The Resulting Fallacy

by: Richard A. Anderson

When Tiger Woods won the 2019 Masters earlier this month, it capped off one of the greatest comebacks in golf history, if not one of the best comebacks in the history of all sports. Woods’s last Masters tournament victory came in 2005 and his last major tournament win was back in 2008. In this 11-year span between major wins, Woods faced a very public divorce, was arrested for driving under the influence, and battled a number of injuries. With his latest Masters win, Woods has 15 major tournament wins and is now three behind Jack Nicklaus for most of all time.

 Love him or hate him, everyone loves a good comeback story. While the world has been swept up in this one, another story caught my eye.

 James Adducci, a 39-year old Wisconsin man, won more than $1.2 million at a sportsbook in Las Vegas by betting on Woods winning the Masters. Adducci, who claims to have never made a bet prior to this, wagered $85,000 with 14-1 odds.

 This is another story for the ages. An ordinary Joe wins a life-changing amount of money on his first ever bet. Sounds like a great bet.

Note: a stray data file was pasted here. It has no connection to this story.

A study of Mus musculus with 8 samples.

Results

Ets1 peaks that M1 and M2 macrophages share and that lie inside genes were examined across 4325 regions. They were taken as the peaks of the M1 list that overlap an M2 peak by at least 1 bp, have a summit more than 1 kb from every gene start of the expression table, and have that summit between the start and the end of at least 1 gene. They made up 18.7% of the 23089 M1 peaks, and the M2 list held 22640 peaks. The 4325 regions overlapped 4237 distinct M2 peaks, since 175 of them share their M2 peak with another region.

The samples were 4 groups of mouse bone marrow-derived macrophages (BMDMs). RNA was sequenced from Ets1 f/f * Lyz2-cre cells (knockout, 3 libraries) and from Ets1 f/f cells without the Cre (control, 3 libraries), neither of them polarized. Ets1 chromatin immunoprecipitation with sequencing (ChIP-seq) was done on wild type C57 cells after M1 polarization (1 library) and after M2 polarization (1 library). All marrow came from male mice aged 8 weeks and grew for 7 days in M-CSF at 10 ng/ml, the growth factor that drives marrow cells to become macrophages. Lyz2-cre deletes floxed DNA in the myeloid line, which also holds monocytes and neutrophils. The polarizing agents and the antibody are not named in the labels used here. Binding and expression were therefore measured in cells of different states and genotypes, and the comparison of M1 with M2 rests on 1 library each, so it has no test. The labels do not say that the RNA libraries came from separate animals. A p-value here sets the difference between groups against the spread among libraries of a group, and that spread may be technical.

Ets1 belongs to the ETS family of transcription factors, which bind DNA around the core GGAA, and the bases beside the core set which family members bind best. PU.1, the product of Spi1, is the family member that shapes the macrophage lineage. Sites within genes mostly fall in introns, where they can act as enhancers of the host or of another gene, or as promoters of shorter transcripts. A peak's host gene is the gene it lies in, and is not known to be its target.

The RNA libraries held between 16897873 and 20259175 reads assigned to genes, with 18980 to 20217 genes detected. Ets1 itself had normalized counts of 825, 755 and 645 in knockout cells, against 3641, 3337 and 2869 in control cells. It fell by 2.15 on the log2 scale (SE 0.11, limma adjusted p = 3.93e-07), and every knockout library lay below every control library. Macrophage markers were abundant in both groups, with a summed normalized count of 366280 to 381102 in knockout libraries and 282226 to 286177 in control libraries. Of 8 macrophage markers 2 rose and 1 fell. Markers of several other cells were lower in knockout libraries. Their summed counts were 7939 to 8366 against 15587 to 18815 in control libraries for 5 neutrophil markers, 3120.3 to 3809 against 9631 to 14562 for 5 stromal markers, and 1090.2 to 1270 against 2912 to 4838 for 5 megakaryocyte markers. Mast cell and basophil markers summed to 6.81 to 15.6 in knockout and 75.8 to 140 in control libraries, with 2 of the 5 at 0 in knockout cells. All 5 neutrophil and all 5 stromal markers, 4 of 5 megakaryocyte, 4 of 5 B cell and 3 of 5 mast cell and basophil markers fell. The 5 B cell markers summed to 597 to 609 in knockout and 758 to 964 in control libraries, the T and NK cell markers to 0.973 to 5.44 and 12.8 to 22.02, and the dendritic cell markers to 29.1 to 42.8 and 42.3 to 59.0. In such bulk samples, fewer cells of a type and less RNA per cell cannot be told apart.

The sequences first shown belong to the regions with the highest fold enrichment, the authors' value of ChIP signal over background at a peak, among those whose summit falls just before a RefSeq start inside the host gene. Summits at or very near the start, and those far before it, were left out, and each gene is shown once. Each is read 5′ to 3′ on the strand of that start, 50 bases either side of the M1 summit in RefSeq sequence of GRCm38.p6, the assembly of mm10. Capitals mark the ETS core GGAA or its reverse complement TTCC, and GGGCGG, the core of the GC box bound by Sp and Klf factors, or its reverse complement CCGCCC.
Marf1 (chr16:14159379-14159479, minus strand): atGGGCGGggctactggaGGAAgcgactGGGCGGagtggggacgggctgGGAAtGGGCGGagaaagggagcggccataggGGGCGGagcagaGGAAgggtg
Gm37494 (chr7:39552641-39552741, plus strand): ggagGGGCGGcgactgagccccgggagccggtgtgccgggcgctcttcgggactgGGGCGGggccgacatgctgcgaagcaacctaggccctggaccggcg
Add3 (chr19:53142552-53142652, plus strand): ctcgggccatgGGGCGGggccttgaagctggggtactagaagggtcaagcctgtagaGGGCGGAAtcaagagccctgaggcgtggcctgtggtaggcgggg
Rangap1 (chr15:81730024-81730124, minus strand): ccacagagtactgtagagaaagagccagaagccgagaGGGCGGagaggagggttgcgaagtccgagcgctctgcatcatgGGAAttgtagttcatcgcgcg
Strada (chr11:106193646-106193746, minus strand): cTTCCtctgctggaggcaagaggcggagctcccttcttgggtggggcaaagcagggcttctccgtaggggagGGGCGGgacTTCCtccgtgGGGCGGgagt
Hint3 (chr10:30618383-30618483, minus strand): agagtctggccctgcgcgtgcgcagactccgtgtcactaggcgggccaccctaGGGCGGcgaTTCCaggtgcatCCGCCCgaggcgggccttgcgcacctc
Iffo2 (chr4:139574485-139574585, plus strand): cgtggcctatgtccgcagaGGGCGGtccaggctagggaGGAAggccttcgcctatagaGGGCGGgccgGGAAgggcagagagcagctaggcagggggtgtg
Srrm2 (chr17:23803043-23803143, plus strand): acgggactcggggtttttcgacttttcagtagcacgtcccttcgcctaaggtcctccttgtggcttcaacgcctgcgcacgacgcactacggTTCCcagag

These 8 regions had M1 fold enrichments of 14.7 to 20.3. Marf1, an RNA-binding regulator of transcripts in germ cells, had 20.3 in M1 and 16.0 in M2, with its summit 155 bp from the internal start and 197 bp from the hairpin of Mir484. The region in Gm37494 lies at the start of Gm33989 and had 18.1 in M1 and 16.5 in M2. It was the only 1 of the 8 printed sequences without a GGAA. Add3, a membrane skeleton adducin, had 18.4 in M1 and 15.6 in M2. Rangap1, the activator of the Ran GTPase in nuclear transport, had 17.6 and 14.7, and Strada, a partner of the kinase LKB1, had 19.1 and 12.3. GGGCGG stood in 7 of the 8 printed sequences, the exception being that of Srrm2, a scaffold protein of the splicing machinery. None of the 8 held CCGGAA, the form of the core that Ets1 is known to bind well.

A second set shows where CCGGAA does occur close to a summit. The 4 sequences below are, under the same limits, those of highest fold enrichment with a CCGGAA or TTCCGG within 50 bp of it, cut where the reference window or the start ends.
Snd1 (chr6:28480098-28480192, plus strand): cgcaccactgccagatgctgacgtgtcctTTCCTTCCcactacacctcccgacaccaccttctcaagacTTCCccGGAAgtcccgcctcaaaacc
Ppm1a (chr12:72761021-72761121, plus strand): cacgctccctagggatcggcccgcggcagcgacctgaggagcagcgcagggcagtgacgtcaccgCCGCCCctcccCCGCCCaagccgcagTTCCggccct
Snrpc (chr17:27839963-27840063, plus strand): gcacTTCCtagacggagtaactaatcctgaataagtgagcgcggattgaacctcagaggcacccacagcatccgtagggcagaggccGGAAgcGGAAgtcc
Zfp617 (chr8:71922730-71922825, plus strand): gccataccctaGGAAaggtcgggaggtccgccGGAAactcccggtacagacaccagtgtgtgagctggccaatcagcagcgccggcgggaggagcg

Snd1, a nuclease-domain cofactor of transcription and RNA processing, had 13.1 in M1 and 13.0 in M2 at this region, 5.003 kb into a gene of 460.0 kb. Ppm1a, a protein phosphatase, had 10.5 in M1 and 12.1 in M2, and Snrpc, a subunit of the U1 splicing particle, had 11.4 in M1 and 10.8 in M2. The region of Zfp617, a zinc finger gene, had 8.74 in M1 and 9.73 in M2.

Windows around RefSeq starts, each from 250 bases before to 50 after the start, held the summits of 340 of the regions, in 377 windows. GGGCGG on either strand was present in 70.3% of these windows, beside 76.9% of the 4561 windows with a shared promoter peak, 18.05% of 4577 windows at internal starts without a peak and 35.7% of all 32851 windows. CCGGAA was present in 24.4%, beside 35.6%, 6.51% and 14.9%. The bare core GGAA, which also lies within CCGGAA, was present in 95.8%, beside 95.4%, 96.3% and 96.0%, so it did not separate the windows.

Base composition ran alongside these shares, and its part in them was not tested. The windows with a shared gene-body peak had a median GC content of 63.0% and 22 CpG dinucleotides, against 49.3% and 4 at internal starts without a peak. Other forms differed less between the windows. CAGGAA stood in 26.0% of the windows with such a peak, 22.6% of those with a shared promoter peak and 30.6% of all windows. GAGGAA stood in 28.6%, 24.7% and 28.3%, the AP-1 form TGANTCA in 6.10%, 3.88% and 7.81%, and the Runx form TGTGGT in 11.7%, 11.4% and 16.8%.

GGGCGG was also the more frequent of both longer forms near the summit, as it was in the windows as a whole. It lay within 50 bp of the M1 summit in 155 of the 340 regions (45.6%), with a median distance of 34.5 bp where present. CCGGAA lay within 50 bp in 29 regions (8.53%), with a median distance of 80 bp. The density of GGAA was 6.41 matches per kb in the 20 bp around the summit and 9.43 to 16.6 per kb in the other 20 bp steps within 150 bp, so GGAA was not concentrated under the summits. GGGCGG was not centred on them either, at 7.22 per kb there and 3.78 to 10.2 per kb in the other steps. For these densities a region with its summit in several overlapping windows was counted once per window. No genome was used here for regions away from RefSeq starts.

But as this story gained media attention, greater details began to emerge. The part I will focus on is the fact that Adducci has $25,000 in debt in the form of a mortgage, student loan, and car loans.

 So, while the results may have you thinking Adducci made a wise decision, what if he didn’t win? Couldn’t that $85,000 been better spent paying off his debt?

 This is a classic case of what former World Series of Poker champion turned best-selling author of the book “Thinking in Bets: Making Smarter Decisions When You Don’t Have All the Facts” Annie Duke would call resulting. Resulting is the idea that we commonly equate the quality of a decision with the quality of its outcome. This “results-oriented” approach can lead to poor decision-making down the road because we tend to repeat the same process that led to the good outcome, even if the outcome was based purely on luck rather than skill.

 When it comes to making bets like the one Adducci made, it’s clear luck was the driving force behind the outcome. But when it comes to investment decision-making, the line between luck and skill can be blurred.

 That’s why we follow an investment decision-making process that is based on economic rationale, backed by academic research, and can be repeated. And, maybe more importantly, we don’t review those decisions based solely on the outcome, but on the quality of information that drove the decision.